The Obama administration has showered its allies at ACORN Housing with $729,849 so far this year despite powerful, newly unveiled evidence of corruption and massive accounting irregularities at the longtime affiliate of ACORN (Association of Community Organizations for Reform Now).
Watchdog group Cause of Action recently pressured NeighborWorks America, a taxpayer-funded federal nonprofit that funneled more than $26.5 million in federal foreclosure-avoidance money to ACORN Housing, to disclose an internal audit furnished to then-Senate Banking Committee Chairman Christopher Dodd, Connecticut Democrat, late last year.
The audit, provided to Cause of Action last month, found that although ACORN Housing and voter-fraud-prone ACORN are legally separate entities, there were numerous financial transactions and "evidence [of] extensive relationships between both organizations that may undermine claims of an 'arm's length relationship' between them." ACORN Housing, the audit states, worked closely with ACORN and even subcontracted some of the counseling work to "four ACORN local state chapters."
It's still the same old ACORN, the same old venal organization. But none of this seemed to bother the Obama administration when it started cutting new checks to its old community organizing friends earlier this year.
ACORN Housing was incapable of administering the federal funds properly, the audit suggests. "We have determined that [ACORN Housing] lacks the accounting capacity to manage the size and complexity of the [foreclosure-avoidance] program funds," said the audit, dated Dec. 17, 2010. ACORN Housing had poorly trained staff, extraordinarily sloppy accounting procedures, and violated conflict-of-interest guidelines laid down by the Office of Management and Budget (OMB), the audit said.
ACORN Housing is the largest affiliate of ACORN, the notorious group brought down by undercover videos showing its employees facilitating child prostitution in 2009. ACORN Housing changed its name a year ago to Affordable Housing Centers of America (AHCOA) to escape the stigma of being associated with ACORN, the famously corrupt former employer and legal client of President Obama. ACORN's state chapters have restructured themselves and now go by names such as New York Communities for Change and Alliance of Californians for Community Empowerment, both of which have been heavily involved in organizing and financing the Occupy Wall Street movement.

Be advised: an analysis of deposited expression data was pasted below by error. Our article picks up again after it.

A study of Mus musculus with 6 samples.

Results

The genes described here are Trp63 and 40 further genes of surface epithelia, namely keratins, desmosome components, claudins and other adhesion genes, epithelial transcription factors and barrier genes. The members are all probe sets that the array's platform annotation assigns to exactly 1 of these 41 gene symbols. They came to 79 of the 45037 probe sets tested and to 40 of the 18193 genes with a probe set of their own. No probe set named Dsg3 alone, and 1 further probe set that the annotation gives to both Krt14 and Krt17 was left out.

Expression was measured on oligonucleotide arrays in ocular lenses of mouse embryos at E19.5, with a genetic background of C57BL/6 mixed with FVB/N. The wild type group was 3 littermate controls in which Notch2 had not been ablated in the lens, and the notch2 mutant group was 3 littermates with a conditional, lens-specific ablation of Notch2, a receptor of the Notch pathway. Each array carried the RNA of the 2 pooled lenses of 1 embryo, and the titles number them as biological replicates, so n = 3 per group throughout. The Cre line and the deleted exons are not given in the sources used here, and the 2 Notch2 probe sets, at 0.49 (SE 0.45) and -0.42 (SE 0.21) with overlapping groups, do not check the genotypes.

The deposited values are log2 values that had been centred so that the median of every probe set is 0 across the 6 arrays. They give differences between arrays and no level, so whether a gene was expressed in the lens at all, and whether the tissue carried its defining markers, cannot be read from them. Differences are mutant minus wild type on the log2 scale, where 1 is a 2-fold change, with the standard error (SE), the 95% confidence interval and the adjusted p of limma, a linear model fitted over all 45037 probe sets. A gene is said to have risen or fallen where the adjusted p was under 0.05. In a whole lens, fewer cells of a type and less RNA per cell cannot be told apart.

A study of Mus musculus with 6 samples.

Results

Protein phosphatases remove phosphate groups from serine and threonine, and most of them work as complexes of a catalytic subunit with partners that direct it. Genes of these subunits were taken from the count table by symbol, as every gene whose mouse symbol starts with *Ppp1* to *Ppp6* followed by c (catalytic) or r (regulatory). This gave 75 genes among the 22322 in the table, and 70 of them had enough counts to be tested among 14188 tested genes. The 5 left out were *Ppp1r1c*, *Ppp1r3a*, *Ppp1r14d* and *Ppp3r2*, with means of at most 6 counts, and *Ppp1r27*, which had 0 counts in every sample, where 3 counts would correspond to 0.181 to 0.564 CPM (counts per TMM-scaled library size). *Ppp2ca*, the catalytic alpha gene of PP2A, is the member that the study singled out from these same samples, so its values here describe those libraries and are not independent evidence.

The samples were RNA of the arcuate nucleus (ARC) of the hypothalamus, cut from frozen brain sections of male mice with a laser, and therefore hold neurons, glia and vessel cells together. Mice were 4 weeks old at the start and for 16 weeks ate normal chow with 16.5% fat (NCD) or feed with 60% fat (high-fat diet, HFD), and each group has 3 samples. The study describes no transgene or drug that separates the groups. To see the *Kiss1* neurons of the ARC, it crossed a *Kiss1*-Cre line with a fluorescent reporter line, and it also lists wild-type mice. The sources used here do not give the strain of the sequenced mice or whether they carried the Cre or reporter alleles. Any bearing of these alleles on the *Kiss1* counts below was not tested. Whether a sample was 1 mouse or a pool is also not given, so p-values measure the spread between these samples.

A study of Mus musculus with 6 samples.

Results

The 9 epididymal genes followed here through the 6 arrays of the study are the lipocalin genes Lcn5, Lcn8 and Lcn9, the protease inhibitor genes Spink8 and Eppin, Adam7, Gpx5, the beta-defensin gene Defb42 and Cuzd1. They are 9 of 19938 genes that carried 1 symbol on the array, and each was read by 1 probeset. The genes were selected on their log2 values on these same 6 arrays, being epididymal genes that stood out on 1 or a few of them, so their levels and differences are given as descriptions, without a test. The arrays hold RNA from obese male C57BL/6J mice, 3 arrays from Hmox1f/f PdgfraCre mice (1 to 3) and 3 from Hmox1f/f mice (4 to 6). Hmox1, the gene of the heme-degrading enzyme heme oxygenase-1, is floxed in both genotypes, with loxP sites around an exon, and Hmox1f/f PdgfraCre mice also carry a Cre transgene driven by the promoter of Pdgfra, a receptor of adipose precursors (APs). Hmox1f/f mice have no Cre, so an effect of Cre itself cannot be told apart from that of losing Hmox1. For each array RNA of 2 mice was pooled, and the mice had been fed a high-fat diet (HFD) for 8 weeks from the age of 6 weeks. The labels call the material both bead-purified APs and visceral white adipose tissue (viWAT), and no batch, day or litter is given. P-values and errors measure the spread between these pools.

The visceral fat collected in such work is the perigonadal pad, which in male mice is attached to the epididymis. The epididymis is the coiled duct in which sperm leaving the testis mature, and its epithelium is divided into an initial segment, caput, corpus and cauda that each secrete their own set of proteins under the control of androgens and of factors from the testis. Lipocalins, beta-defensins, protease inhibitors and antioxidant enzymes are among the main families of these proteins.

Despite ACORN Housing's public posturing, there has never been a wall of separation between ACORN, the shell corporation that filed for bankruptcy on Election Day 2010, ACORN Housing and ACORN's 370-plus affiliates. In fact, ACORN and ACORN Housing shared the same office space across America in 2009 when James O'Keefe and Hannah Giles conducted their devastating video investigations.
ACORN itself is a nonprofit version of Enron, the infamous failed energy company that imploded under the pressure of hopelessly confusing, misleading and illegal accounting practices. The ACORN network has developed a tangled, deliberately complex mess of interlocking directorates and affiliated tax-exempt groups that routinely swap seven-figure checks and that has long cried out for a probe under federal racketeering laws.
Although ACORN and ACORN Housing are legally separate corporate entities, in practice they have been virtually indistinguishable. ACORN Housing's board is controlled by veteran ACORN activists, such as the corporation's president, Alton L. Bennett (active with ACORN since at least 1991) and Dorothy Amadi (active with ACORN since at least 1989). As before the name change, Mike Shea remains in charge of ACORN Housing's day-to-day operations as its executive director.
The U.S. Department of Housing and Urban Development (HUD), headed by longtime ACORN ally Shaun Donovan, gave $79,819 to AHCOA Miami on March 1, $300,000 to AHCOA on Aug. 11, and $350,030 to AHCOA Philadelphia on Sept. 2. No doubt, more grants are in the pipeline.
The Obama administration gave the grants to ACORN Housing based on a thinly reasoned legal opinion in which a government lawyer waxed philosophical on all the possible meanings of the word "affiliate" found in "Black's Law Dictionary." In September 2010, the lawyer accepted at face value ACORN Housing's claim it broke with ACORN without even considering the history of the ACORN network. Conveniently, the legal opinion became final in September 2011, a month before the audit became available.
The opinion allowed the administration to get around the ban on federal funding of ACORN that became law at the end of 2009.
While Dan Epstein, Cause of Action's executive director, applauded NeighborWorks for "publicly releasing a detailed federal audit revealing affiliation between ACORN and AHCOA," he said he "would look forward to GAO's explaining why it favored a dictionary definition over NeighborWorks' accounting and audit findings in assessing the relationships between ACORN's rebranded entities."
To add insult to injury, as of July, ACORN Housing and its subsidiaries owed $162,813 in back taxes, according to public records. The money is owed to the Internal Revenue Service, 11 states, the city of Philadelphia and two California counties. AHCOA in San Antonio, Texas, will receive an undisclosed percentage of a $619,696 federal foreclosure-avoidance grant as a subgrant.
Meanwhile, Bruce Dorpalen, public affairs director for AHCOA, is now lobbying Congress, asking it to provide $60 million for HUD housing counseling programs.
Whether that new taxpayer money will find its way into ACORN's political operations or voter fraud operations is an open question.
Matthew Vadum is a senior editor at Capital Research Center and author of "Subversion Inc.: How Obama's ACORN Red Shirts Are Still Terrorizing and Ripping Off American Taxpayers" (WND Books, 2011).